News Blog: Ranking the playoff goalies

As evidenced by the fact 14 Conn Smythe Trophies have gone to the men between the pipes over the years (second only to centers with 15), it’s no secret good goaltending is a key to playoff success.

There’s certainly evidence of teams getting by with crease play that’s just OK, but no collection has ever raised Stanley with a subpar stopper.

This season’s playoffs, more than any other in recent memory, are overflowing with participants who have questions about their keepers. So with that in mind – using regular season play and historical playoff performance as the criteria – let’s run down this year’s 16 starting masked men based on who you’d most want in a seven-game series.

Buffalo Sabres Ryan Miller Only four career playoff series wins, but put up numbers (40-18-8, 2.23 GAA, .928 SP) that will net him Vezina and maybe Hart honors.
New Jersey Devils Martin Brodeur Another underrated regular season; leads the league in shutouts (nine). Most important: How can you argue 98 all-time playoff wins, second in history?
Pittsburgh Penguins Marc-Andre Fleury Regular-season resume isn’t nearly as impressive as others’, but his 30 playoff wins – and one Cup ring over the past two years – is far more than anyone not named Osgood, who has 29.
Phoenix Coyotes Ilya Bryzgalov The main reason, beyond Dave Tippett, for Phoenix’s surprise rising in the West. ‘Cool Bryz’ has the tools to win a series on his own. Can you believe he was once on waivers?
Vancouver Canucks Roberto Luongo Canada’s golden boy has lost his shine in his post-Games play with the Canucks and questions still linger after last year’s Game 6 debacle vs. Chicago, but Louie still stands tall and now has experience.
Boston Bruins Tuukka Rask Benefits from playing behind an ultra-tight system, but has league-leading GAA (1.97) and SP (.931). Tough to put big bet on rookie under playoff pressure, though.
Montreal Canadiens Jaroslav Halak No playoff wins to his credit, but has been a large part of Montreal’s second-half resurgence. Post-season performance may very well determine whether he or Carey Price is Montreal’s future.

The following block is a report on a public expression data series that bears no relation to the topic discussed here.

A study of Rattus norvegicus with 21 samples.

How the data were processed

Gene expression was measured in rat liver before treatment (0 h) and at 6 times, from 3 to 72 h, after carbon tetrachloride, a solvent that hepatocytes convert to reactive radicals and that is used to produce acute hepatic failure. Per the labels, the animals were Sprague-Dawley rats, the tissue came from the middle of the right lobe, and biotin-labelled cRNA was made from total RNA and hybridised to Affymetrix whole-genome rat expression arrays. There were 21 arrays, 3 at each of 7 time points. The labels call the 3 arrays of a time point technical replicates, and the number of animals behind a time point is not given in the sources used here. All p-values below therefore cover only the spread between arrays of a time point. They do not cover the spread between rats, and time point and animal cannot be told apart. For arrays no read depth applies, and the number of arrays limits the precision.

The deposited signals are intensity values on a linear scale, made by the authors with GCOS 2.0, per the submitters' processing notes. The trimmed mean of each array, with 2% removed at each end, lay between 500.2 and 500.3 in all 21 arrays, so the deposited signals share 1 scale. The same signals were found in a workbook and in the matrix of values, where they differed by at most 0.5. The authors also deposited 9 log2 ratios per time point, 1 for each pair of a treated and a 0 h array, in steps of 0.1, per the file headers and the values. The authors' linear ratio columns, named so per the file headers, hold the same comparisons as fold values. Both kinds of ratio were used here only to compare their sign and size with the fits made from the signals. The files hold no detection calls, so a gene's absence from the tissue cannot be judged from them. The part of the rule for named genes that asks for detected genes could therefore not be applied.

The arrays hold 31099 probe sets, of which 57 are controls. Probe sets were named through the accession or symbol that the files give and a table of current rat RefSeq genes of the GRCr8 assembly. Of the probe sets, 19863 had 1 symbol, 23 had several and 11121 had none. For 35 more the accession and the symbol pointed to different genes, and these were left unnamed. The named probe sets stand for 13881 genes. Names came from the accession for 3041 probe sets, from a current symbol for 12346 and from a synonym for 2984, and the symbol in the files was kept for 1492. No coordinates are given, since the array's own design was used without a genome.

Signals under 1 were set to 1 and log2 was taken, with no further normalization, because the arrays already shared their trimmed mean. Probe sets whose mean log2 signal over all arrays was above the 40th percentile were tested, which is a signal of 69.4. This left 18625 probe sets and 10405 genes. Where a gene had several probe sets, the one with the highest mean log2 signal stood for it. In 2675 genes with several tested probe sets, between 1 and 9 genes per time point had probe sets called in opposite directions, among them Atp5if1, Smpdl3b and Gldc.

San Jose Sharks Evgeni Nabokov Despite great teams in front of him, has only led the Sharks to one conference final in six full tries. Fold-job against Canada in Olympics doesn’t help.
Detroit Red Wings Jimmy Howard The 26-year-old freshman wrestled the job from Chris Osgood based on impressive play during his first full year, but had a 12-17 American League playoff record with a SP below .900.
Washington Capitals Jose Theodore Numbers are gaudy, especially since the Olympics, but every time I watch a Caps game there’s a soft goal or three that find their way past the former Hart winner.
Nashville Predators Pekka Rinne A common theme on this list, the big Finn was a co-No. 1 until pulling away at mid-season, but hasn’t seen a minute of NHL post-season play. Does possess the tools to steal a game (or maybe a series?) on his own.
Chicago Blackhawks Antti Niemi Another first-year goaltender handed the reins, the flashy Finn doesn’t have to win games for the talented Hawks, he just can’t lose them.
Colorado Avalanche Craig Anderson Would have been much higher on this list if the playoffs started two months ago, but the Avs have since fallen badly; almost out of the playoffs.
Los Angeles Kings Jonathan Quick Followed a similar path to Anderson in that a fast start turned into a late struggle. The 24-year-old, with zero NHL post-season experience, has been a workhorse with 71 games-played.
Ottawa Senators Brian Elliott Pascal Leclaire was supposed to be the man in the Canadian capital, but the 25-year-old Elliott grabbed the reins with his consistency. Has never played a pro playoff game, though.
Philadelphia Flyers Brian Boucher Only playoff goalie with GAA under .900 and a losing record. Don’t be surprised to see Johan Backlund if he gets healthy.
READ ALSO:  Former Flyers forward Patrick Thoresen signs one-year deal with Lugano

Edward Fraser is the editor of His blog appears weekly.

For more great profiles, news and views from the world of hockey, subscribe to The Hockey News magazine.